He said no. That’s how it started.
I had asked him to take our oldest to ballet and to bring the toddler along. I had wanted, needed, that hour, in the house, in the quiet. When the first hours of the weekend arrive, I crave a quiet house. I crave the solitude. Just me, a woman unattached, a woman free to sit in one place, carrying no one, talking to no one, listening to no one. The week drains me and I need to refill and the quiet renews me. So I had asked him to take the kids.
But he said no.
He said no and my hour of quiet evaporated into a stream of yells and screams. Both of us high on emotion and low on rest, we yelled, through the morning and then well into the night, in front of the children because what, these days, happens anywhere else? We flung accusations that we hadn’t found time to talk about between making breakfasts and managing bath times, and we screamed tales of burden and overwhelming stress. I felt abandoned and crushed under the weight of demands that I felt were mine alone. He felt the same. But I didn’t see his side and I didn’t understand his point and it wasn’t that neither was clear, it was that I just couldn’t see.
Our words tore holes in this life we’re living together. We uncovered that all of this, the yelling, the expecting, the blindness, it wasn’t about the hour and my weary spirit. It wasn’t about him saying no, needing time of his own to breathe and be still. It was about us. It was about support and communication and compassion. Or, rather, it was about how we had assumed all of those things were there but when we tore the holes open, we found only a hollow.
We’d fallen into the trap. Kids, then self, then work, then friends and family, then everything I want for myself. “I never meant for you to be at the bottom of my list,” I want to tell him. “You are not there because I love you the least,” I want to say. “I want you to know I don’t think you belong there, beneath diapers and laundry and deadlines.” I want to usher these words into the space between us. I just need some quiet and some peace and a moment alone to collect my thoughts first. Of course, the quiet never comes and the peace never settles and I forget that I meant to say these things and all the other words that would, I’m sure, fill the holes quite nicely.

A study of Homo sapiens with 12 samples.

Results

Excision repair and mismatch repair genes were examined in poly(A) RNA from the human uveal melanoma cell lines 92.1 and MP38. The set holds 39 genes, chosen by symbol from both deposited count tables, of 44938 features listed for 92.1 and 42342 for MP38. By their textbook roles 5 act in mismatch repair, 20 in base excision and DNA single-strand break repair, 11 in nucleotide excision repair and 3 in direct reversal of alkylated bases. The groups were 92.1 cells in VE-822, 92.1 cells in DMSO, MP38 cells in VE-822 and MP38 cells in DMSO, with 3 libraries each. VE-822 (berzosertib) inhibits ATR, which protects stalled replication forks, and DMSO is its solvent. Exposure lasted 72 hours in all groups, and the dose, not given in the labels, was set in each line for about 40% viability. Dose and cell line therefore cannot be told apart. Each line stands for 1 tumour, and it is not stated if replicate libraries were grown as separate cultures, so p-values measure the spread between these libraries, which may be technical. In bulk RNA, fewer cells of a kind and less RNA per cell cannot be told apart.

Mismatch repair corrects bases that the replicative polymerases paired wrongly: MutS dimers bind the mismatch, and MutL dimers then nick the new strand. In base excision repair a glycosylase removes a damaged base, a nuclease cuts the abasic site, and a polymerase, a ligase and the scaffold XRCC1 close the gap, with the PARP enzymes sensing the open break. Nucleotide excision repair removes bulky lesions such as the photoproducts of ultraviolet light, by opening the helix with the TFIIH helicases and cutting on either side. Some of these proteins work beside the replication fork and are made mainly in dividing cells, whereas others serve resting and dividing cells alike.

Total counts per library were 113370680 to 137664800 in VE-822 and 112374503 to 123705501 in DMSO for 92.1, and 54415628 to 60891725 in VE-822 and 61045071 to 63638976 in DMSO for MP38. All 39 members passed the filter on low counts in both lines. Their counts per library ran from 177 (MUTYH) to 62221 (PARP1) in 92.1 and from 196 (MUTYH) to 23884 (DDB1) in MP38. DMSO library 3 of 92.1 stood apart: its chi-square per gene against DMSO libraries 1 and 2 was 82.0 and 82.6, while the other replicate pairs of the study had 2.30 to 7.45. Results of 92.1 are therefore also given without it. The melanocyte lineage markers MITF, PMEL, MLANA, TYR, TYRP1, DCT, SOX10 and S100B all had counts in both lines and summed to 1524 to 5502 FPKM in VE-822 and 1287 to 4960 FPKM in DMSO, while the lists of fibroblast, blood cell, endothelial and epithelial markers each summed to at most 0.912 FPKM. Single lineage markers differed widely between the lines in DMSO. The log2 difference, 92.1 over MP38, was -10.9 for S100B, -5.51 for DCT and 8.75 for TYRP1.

We refer to this space, this early parenthood, in terms of war. We hold ourselves, our careers, our hobbies and passions and dreams up as shields. And we wrap ourselves in the armor of our marriage, our love. We see the first shots arch over our heads and we hold each other tight. We believe our armor is impenetrable, the strongest stuff; it will deflect the bombs and the shells and the shrapnel and we’ll be just fine and protected inside. But the years roll along and the war continues. Our shields become shreds of all they once were, so we trade them out for new and that isn’t as wrong as it sounds. New wars require new shields. But when our armor begins to bear chinks and gashes, well, that is a bigger problem. When we are the ones firing the shots and sounding our battle calls through the air, then we’re in danger. Because someday, the war will end. It always does. I’ve seen it end and I’ve seen what the war can do. I’ve seen warriors leave the field, weary and worn. Their armor dragging behind them, they walk miles apart, eventually wandering in separate directions. And I’ve felt us building to that moment. I’ve felt it in the way that our deepest thoughts and dreams and our most basic needs explode like bombs, loud and harsh, powered by a thousand days of silence.
Someday the war will end. Someday the children will be grown. Someday there will be no kids to take. Someday Saturday will dawn and I won’t crave solitude anymore. I’ll crave him. I want our armor to be intact when the war is over.
Before bed, we called a cease-fire. And in the darkness of the small hours, I relaxed at the sight of him. I saw the weight on his shoulders, a reflection of all that I felt on mine. And I felt him see me too. Into the hole we had torn open in pain, we whispered answers to each other’s thoughts and dreams and basic needs, wrapping each other’s battle wounds in promises of trying harder, bandages of support and communication and compassion. “I want you to know I don’t want you to be last,” we said. “I love you more than laundry and diapers and deadlines,” we assured. We promised to keep talking, to fill the holes and sew them tight. And we whispered good night and held each other until sleep came. That’s how the battle ended. That’s how we made a new start.